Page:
20 March 2013

Disney and NASA to explore “Goldilocks” planet in new 3D IMAX film

By Robbie Graham Silver Screen Saucers

 
IMAX Corporation and Walt Disney Studios today announced an agreement to produce and distribute a new epic 3D documentary from veteran IMAX director Toni Myers.

IMAX and Disney previously have worked together on the distribution of a number of high-profile films, including Fantasia 2000 and the recent Oz The Great and Powerful, although this marks the first collaboration between the two companies in a production capacity.

Produced in cooperation with NASA, the upcoming space-themed documentary, which is still untitled, will use IMAX's extremely high-resolution photography and videography to offer "breathtaking, illuminating views of our home planet from space, exploring the astonishing changes that have occurred on Earth in just the past several decades."

The film will also explore "mankind's future on and off the planet... while also travelling light-years to other star systems to ponder the possibilities of 'Goldilocks,' an Earth-like planet." The film is expected to be released in 2015.

Ward Kimball's artwork for
Mars and Beyond (1957)
This will not be the first time Disney has teamed with space scientists to produce a documentary about life beyond Earth. In the mid-1950s the House of Mouse worked closely with famed rocket scientist and aerospace engineer Wernher von Braun on a series of ambitious documentaries about space travel and life in the universe as part of the Disneyland TV series (1954–1958).
 
The documentaries -- Man in Space (1955), Man and the Moon (1955), and Mars and Beyond (1957) -- were directed by the legendary Disney animator Ward Kimball, who, in his later life, claimed to have been involved in the production of a Disney documentary in the mid-1950s that was backed by the US Air Force and which was intended to acclimate the public to the reality of the UFO phenomenon and alien visitation.  

Disappointingly, the Air Force eventually decided to pull the plug on the documentary, which, according to Kimball, was set to feature real UFO footage provided by the military.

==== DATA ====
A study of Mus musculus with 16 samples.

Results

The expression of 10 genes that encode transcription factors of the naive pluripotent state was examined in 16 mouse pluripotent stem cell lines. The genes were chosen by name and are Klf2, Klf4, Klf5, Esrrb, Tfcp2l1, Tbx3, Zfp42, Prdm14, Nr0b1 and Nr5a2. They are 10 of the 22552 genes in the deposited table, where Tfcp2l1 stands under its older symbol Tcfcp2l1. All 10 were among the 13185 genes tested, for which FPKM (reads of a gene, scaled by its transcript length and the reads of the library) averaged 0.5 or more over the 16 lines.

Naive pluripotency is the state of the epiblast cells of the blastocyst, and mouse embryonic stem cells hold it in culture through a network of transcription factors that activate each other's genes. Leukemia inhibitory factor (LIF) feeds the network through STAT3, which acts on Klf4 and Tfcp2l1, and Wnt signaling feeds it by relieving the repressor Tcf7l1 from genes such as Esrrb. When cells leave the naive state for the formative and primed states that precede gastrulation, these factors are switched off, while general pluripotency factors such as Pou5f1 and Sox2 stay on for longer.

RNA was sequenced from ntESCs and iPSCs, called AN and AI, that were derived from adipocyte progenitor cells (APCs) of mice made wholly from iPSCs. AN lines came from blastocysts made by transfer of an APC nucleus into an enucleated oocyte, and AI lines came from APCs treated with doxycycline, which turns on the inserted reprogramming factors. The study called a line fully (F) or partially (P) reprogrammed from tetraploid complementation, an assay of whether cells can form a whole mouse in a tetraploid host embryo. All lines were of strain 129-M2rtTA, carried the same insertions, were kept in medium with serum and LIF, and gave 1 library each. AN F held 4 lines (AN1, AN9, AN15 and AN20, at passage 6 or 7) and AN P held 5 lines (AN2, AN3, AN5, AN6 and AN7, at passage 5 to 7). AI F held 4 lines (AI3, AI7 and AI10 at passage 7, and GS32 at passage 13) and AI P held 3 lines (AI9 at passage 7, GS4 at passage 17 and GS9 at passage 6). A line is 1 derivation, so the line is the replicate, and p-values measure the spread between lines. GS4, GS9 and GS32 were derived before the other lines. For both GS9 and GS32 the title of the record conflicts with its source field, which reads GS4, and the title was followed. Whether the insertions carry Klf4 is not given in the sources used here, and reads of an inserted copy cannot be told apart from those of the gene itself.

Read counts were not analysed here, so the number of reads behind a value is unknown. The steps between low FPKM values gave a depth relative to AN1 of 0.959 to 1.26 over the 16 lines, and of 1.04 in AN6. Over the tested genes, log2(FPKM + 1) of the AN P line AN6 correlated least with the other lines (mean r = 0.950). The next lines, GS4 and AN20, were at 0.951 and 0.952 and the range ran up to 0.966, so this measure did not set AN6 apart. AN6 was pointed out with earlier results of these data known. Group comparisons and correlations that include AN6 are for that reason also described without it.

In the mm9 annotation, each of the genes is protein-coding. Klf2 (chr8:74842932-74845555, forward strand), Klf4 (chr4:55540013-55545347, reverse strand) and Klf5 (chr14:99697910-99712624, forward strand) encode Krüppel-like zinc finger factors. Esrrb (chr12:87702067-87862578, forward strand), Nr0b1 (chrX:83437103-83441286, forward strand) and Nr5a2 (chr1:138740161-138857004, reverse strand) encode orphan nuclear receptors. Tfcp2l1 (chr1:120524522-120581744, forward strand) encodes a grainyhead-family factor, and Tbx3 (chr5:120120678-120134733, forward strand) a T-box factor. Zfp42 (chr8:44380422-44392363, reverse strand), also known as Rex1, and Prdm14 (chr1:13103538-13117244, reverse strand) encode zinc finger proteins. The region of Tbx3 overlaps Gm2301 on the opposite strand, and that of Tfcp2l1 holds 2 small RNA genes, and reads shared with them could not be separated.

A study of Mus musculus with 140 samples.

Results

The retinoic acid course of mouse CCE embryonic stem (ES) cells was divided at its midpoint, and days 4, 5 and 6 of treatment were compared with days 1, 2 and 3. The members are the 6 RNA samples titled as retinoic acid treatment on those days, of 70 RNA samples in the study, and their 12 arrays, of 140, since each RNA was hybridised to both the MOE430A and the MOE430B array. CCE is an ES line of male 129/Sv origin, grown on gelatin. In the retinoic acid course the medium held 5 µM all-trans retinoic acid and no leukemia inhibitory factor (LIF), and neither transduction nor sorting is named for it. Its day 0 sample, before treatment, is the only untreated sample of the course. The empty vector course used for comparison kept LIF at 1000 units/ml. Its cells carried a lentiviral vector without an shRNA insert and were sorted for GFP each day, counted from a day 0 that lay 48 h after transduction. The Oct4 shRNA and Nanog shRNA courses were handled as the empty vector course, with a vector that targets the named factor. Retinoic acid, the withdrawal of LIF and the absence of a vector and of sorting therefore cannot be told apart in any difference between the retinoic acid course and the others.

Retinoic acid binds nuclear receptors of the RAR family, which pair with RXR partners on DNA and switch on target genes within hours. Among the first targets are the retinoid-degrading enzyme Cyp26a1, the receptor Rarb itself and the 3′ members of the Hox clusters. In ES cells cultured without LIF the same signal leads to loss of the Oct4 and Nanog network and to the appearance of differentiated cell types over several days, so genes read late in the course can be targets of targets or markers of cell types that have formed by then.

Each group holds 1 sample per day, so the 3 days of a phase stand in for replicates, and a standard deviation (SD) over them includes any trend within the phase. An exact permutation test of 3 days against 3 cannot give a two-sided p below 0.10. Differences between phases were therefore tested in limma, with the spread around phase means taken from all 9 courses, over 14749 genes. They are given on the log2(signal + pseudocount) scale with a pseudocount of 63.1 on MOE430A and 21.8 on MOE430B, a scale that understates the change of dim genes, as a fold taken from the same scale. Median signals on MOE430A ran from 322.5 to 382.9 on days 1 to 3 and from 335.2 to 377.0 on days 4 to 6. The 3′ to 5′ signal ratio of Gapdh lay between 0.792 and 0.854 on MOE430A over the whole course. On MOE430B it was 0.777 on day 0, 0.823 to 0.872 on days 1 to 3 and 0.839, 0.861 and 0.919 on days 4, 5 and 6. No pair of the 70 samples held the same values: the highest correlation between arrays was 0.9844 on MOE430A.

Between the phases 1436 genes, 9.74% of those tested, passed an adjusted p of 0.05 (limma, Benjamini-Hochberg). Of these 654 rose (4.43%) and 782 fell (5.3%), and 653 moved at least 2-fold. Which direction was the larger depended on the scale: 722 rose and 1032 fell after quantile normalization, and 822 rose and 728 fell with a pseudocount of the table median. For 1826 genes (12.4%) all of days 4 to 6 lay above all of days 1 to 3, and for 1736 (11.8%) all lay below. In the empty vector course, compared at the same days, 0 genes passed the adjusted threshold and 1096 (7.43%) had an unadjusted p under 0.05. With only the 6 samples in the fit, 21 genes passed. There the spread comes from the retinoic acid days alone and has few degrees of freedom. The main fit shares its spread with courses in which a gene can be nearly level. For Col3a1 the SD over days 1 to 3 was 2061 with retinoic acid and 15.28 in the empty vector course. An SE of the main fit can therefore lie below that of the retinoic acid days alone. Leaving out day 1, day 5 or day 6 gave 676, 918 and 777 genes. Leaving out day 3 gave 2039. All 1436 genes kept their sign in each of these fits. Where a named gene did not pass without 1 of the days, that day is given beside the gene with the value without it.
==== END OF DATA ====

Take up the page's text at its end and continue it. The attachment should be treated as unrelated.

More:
NASA also has a history of assisting filmmakers on alien-themed productions. In 1982, NASA helped Steven Spielberg with his classic alien contact movie E.T.: The Extraterrestrial, offering the filmmaker advice on how scientists would likely respond in the event of a real alien contact scenario. This collaboration shaped sections of the movie, including the scene when NASA personnel enter a sealed-off suburban home in search of E.T.
 
Producer Kathleen Kennedy also asked NASA what sort of planet E.T. might call home. The space agency came up with a “little green planet” populated by “little mushroom farmers.” E.T.’s biology reflected this scenario, said Kennedy – the friendly space creature being “closer to a plant than a biological human being.”

Curiously, NASA also lent its cooperation to the Disney movie Mission to Mars (2000), in which astronauts discover the remnants of an ancient civilisation on the red planet and make contact with one of its alien survivors – although NASA was keen to point out during the end credits that its cooperation and assistance “[did] not reflect an endorsement of the contents of the film.”
 
 
 

3 comments:

  1. I'm sure this new IMAX movie will be gorgeous.

    BTW Remember when I tried to contact Amid Amidi, the guy who was about to publish a biography on Ward Kimball, because I wanted to know if he addressed the legendary animator's interest on UFOs? Well, turns out that Disney effectively blocked the release of the biography! how 'bout that ;)


      It's not entirely surprising that they would want to. Any thorough bio of Kimball would have to devote considerable wordage to his UFO interest -- inclusing his testimony about the secret USAF/Disney UFO acclimation project.

      There's two ways of interpreting Disney's opposition to the bio:

      1. Disney doesn't want to besmirch the name of one its most celebrated animators by tarring Kimball with the UFO brush.

      2. Disney doesn't want Kimball's testimony about the USAF UFO project to become more widely known than it already is (because, let's face it, few people outside of the UFO community are familiar with it).


      Maybe we're being too paranoid here. After all, there's been a lot of major changes around the studio in the past few years, so perhaps the book was an unintended casualty amid some secret inner power struggle.